Monthly Archives: May 2020


I now have Asiatic peoples connected to century-level periods of history back through prehistory. I will be working Middle Eastern peoples forward through antiquity, since these peoples were at the forefront of civilization for so long. Western Civilization is not quite fully connected through Antiquity. African peoples have some way yet to go through Classical ad Medieval history, and American Indian peoples have a way to go through modern history. Communities are sufficiently connected, and I may want to consider pushing Asiatic communities forward. Social mechanics are sufficiently connected, and I now need to give attention to social structure and social types. Institutions aren’t quite fully connected through antiquity. Culture and anthropology also need to be connected.

In beginning at the beginning, I had essentially copied a list of important find (from wikipedia) in human prehistory with identifier, date and place of find, and classification, and sorted these into my subdivisions. I went through Pliocene prehistory and categorized these by place, which revealed three regions of principal interest: The area around Lake Turkana, on the border between Kenya and Ethiopia; the Middle Awash River region in Ethiopia, and the Afar region of Ethiopia. There were also three varieties, possibly species, of Australopithecines: Australopithecus amanensis, A. deyiremida, and A. afaranesis. What has been learned from these partial skeletal finds was that these were most likely apelike in appearance and behavior, except that they walked upright. Making better progress in these areas will involve cultural, anthropological, biological and geological history which will take some time to develop. For now I have a sufficiently reasonable handle on this period that I can now go through later periods and do a similar organization.

No glory

There is no glory for anyone in the Minneapolis riots. Not for the officers of the Minneapolis PD, who evidently arrested a man and abused him to death. Not for the leadership of the department which failed to take swift, severe action against the officers involved. Not for the Minneapolis city leadership which permitted a police culture in which this sort of thing could happen. Not for the news media that showed this this incident over and over and over and over, far beyond the needs of ordinary reporting. Not for the rioters who went on an orgy of smashing, burning, looting, and destruction, targeting businesses that had absolutely nothing to do with police misconduct. Not for the city leadership, which did much too little to quell the riots. Not for the media figures who obfuscate the difference between a protest and a riot.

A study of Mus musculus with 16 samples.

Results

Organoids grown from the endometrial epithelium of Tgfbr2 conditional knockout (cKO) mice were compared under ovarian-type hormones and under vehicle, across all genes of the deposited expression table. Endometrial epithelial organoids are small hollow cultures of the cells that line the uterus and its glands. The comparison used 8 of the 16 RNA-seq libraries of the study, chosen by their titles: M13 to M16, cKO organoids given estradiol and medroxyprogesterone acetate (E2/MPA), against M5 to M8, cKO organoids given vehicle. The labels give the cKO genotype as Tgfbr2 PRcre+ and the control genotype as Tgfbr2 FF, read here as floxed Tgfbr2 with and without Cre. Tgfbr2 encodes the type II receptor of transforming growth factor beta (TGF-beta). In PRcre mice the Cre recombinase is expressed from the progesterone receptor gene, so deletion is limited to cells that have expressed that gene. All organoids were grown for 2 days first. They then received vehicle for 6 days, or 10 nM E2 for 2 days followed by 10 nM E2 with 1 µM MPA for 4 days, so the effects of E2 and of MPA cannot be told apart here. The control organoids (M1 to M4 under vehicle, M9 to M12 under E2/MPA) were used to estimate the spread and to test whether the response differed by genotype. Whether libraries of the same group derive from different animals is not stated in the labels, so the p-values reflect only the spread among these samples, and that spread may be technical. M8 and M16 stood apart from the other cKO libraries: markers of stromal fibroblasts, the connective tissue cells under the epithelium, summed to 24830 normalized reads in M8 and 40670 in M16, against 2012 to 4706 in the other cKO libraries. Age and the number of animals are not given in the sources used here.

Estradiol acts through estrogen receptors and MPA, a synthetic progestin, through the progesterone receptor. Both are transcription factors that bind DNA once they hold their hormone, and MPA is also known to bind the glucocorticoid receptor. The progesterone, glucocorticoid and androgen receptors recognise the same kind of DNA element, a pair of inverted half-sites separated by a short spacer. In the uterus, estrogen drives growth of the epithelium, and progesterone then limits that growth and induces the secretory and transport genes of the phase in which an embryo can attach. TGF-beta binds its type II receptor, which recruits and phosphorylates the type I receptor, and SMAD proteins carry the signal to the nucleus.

Good Morning!

In spite of not being a morning person, and my occosianal suspicion that “Good” and “morning” are mutually exclusive terms (yes, I’m kidding), I have once again been reminded that if I want this blog to be successful, I need to blog every day. Since I have been been accustomed to writing my posts in the evening, after stuff is done, (and the stuff NEVER all gets done), this keeps getting pushed to the bottom of the pile. Enuffudis. I’m going to try writing in the morning when I am least drained of wim, wigor, and witality.

I was recently in the hospital, and since then I’ve been consumed with a load of daily maintenance tasks that have consumed most of my attention. I have a new malady and a new medication to keep on top of. Nevertheless, I survive and persist at my impossible task of integrating knowledge. Most recently, I have been mostly been trying to push references to Asian peoples and European peoples into the past, century by century. Yes, I’ve done this before and it’s a lengthy and tedious process, but it’s necessary for the present incarnation of the Knowledge Base. I’m trying to keep up with my cartography learning project, but that’s been slowing down. In the meantime, I press onward.

The future is being plotted

History is currently planning the consideration of 44 cities, I have been recently reviewing Middle Eastern peoples and cities, and am currently reviewing Western peoples and cities. For prehistory, my current plans have so far considered 11 cities, none of them going back to this period. For Antiquity, there are 19 cities, only 3 going back to this period. For classical and medieval history, there are 29 cities. 2 are Western and about 19 Asiatic, which rather strongly points to asiatic peoples as the most productive. For modern history, there are 39. Since so many of the cities of the world have been founded in modern times, I find myself being diverted into consideration of the future before I go into details of the 20th century. For the future, current plans have 12 cities, with so far a principal emphasis on Asiatic peoples.

For Cartography, I have been working mostly on the hand plotted version of the globe.

Since I created this version, North America now includes Baffin Island, and Eurasia now has the Black Sea.